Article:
1992: Easier to laugh than cry

Peter C. Newman December 21 1992

1992: Easier to laugh than cry

Peter C. Newman December 21 1992

1992: Easier to laugh than cry



It was one of those years most of us want to forget: our political and economic problems either remained as perplexing as ever, grew worse or moved beyond any reasonable hope of solution. In the past 12 months, some deeds and especially misdeeds became worthy of commemoration in this column’s annual, year-end awards.

We’ll Soon Fix That Award—To Bosnian Foreign Minister Haris Silajdzic who, during a UN speech protesting the use of force to deliver emergency supplies, righteously explained, “The people must be alive to receive aid.”

Truth in Advertising Award—To Wayne McLaren, a Hollywood stunt performer who became the rugged Marlboro Man. Just before he died of lung cancer, McLaren told the world, “Tobacco will kill you, and I’m the living proof of it.”

Stiff Upper Lip Award (Part I)—To John Henderson and Zoe D’Arcy who had oral sex aboard a busy London commuter train while stolid commuters watched without comment or complaint.

Stiff Upper Lip Award (Part II)—When John and Zoe completed their lovemaking, they lit the traditional post-coital cigarettes. That was too much for the train crowd. John and Zoe were fined $95—for lighting cigarettes in a non-smoking carriage.

The Don’t Shoot Our Spies: Tax ’Em Award—To Claude Morin, the former Parti Québécois cabinet minister who betrayed his cause by reporting on his colleagues’ activities to the RCMP—and got paid for it. Governments in Quebec City and Ottawa immediately moved against the traitor by ruling the bribes would be taxed retroactively. And no fooling.

Try the “Beer Barrel Polka” Award—To

the frustrated husband who wrote Ann Land-

The only universal emotion was to pray that 1993 would be better. But even lousy vintages have their kicks.

ers on his 30th wedding anniversary that he couldn’t tell his wife something that had been bothering him all those years. As they were unpacking their honeymoon bags at a nice little resort, Louise opened a large suitcase and took out an accordion. She played a rousing chorus of “Lady of Spain” and had been playing the same melody just before having sex ever since—and he hated it. The couple’s only friends were Bernice and Murray who dropped in occasionally to accompany Louise in her “Lady of Spain” renditions. (Murray specialized in playing his head—wrapping his knuckles on his head while opening and closing his mouth—as Bernice clanked two spoons together and hummed the melody.) Landers suggested that the patient husband buy Louise a dozen accordion lessons for her next birthday. She had no advice about Murray and Bernice.

The George Bush Sensitivity Award—

While visiting a hard-core drug addict recovery centre in New Jersey, the U.S. President asked one of the patients: “Did you come here and say, The heck with it, I don’t need this darned thing?’ Did you go through a withdrawal thing?”

The Dan, We Hardly Knew You Award—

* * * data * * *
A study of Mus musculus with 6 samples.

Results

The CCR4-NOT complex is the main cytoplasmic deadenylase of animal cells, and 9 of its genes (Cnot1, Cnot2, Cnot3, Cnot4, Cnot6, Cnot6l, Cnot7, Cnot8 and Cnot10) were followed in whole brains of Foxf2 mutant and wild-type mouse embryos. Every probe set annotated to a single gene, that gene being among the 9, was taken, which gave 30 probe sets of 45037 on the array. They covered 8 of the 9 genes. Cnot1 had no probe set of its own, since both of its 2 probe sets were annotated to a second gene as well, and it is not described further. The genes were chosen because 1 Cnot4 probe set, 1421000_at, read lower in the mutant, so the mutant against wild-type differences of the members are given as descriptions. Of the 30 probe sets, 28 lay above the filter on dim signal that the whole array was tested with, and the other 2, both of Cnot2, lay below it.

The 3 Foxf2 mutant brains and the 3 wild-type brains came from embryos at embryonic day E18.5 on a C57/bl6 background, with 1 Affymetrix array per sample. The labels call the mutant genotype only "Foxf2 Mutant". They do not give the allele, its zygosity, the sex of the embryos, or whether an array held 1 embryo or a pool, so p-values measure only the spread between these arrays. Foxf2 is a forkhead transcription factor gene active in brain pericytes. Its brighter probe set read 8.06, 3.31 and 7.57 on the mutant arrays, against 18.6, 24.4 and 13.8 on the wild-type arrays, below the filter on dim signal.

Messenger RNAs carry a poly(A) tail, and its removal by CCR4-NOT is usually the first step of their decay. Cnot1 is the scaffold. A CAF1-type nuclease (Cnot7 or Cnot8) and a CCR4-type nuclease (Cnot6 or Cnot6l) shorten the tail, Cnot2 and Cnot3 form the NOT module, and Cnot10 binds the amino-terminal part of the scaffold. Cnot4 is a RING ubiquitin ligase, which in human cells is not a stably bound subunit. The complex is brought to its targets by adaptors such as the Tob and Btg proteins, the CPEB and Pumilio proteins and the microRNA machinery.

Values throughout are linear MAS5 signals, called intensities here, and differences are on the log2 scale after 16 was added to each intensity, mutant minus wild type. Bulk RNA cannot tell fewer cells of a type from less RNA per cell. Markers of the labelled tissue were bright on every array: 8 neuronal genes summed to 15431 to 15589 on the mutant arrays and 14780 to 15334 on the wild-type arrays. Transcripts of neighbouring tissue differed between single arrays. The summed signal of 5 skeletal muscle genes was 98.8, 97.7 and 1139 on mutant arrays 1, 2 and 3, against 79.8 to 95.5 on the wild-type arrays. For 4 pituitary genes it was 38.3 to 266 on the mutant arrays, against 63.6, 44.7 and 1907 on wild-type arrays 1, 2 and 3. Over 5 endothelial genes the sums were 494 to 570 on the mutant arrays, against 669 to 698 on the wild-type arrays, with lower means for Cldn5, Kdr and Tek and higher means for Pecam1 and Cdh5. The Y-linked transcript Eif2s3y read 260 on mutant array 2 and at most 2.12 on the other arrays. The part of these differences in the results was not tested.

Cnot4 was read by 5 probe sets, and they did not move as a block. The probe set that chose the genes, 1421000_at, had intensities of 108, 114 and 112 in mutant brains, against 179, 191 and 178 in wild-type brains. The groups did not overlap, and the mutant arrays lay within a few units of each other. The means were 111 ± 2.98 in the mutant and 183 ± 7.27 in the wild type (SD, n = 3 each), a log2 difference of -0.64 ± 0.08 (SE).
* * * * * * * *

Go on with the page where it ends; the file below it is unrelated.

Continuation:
In commemoration of the former U.S. vicepresident’s more famous gaffes:

“But how will the people breathe?” Reaction when he was informed the United States was about to impose an air embargo against Iraq.

“Republicans understand the bondage between mother and child.”

“Our party has been accused of fooling the public by calling tax increases ‘revenue enhancement.’ Not so. No one was fooled.”

“I believe we are on an irreversible trend towards more freedom and democracy—but that could change.”

“People are not homeless if they’re sleeping on the streets of their own home towns.” “The global importance of the Middle East is that it keeps the Far East and the Near East from encroaching on each other.”

“If we don’t succeed, then we run the risk of failure.”

“The best thing about rain forests is that they never suffer from any drought.”

“This isn’t a man who is leaving with his head between his legs.” (Referring to dumped presidential aide John Sununu.)

“It isn’t pollution that’s harming our environment. It’s the impurities in our air and water that are doing it.”

The Now We Can Compete With Those Guys Award—To the personnel manager at Tokyo’s Nippon Steel works who decreed that office staffs were working too hard, voluntarily staying at their desks after hours. He enforced his edict by cutting off head-office electricity at 10 p.m. The Japanese average a 2,080-hour work year, the highest in the industrialized world. The year also saw the first official case of an executive Qun Ishii at Mitsui & Co.) being medically judged to have died from overwork.

The Standing on Guard For Thee Award—To the Ottawa politicians who on June 20,1992, approved veterans’ benefits for members of Canada’s Merchant Marine who served during the Second World War. The measure, which took an incredible 47 years to get through the federal bureaucracy, will help only the 4,500 of the 12,000 brave seagoing volunteers who are still alive.

The Stupidest Quote of the Year Award—

To Employment Minister Bernard Valcourt, who boasted that unemployed Canadians would be proud to take cuts in Ul payments. “I say, ‘Listen, buddy, Canada is living beyond its means,’ ” he explained. “Don’t you think we as a people should pay our own way? And you know, he’s proud, he says, ‘Yes, I should pay my own way.’ ”

Quote of the Year Award—To Maj.-Gen. Lewis MacKenzie, head of Canada’s Yugoslav peacekeepers, who told a fund-raising dinner during the referendum debate: “If I could have one wish, it would be to dump the entire population of Canada in Sarajevo for about six hours. Perhaps then they’d realize Canada is the best damn country in the world.”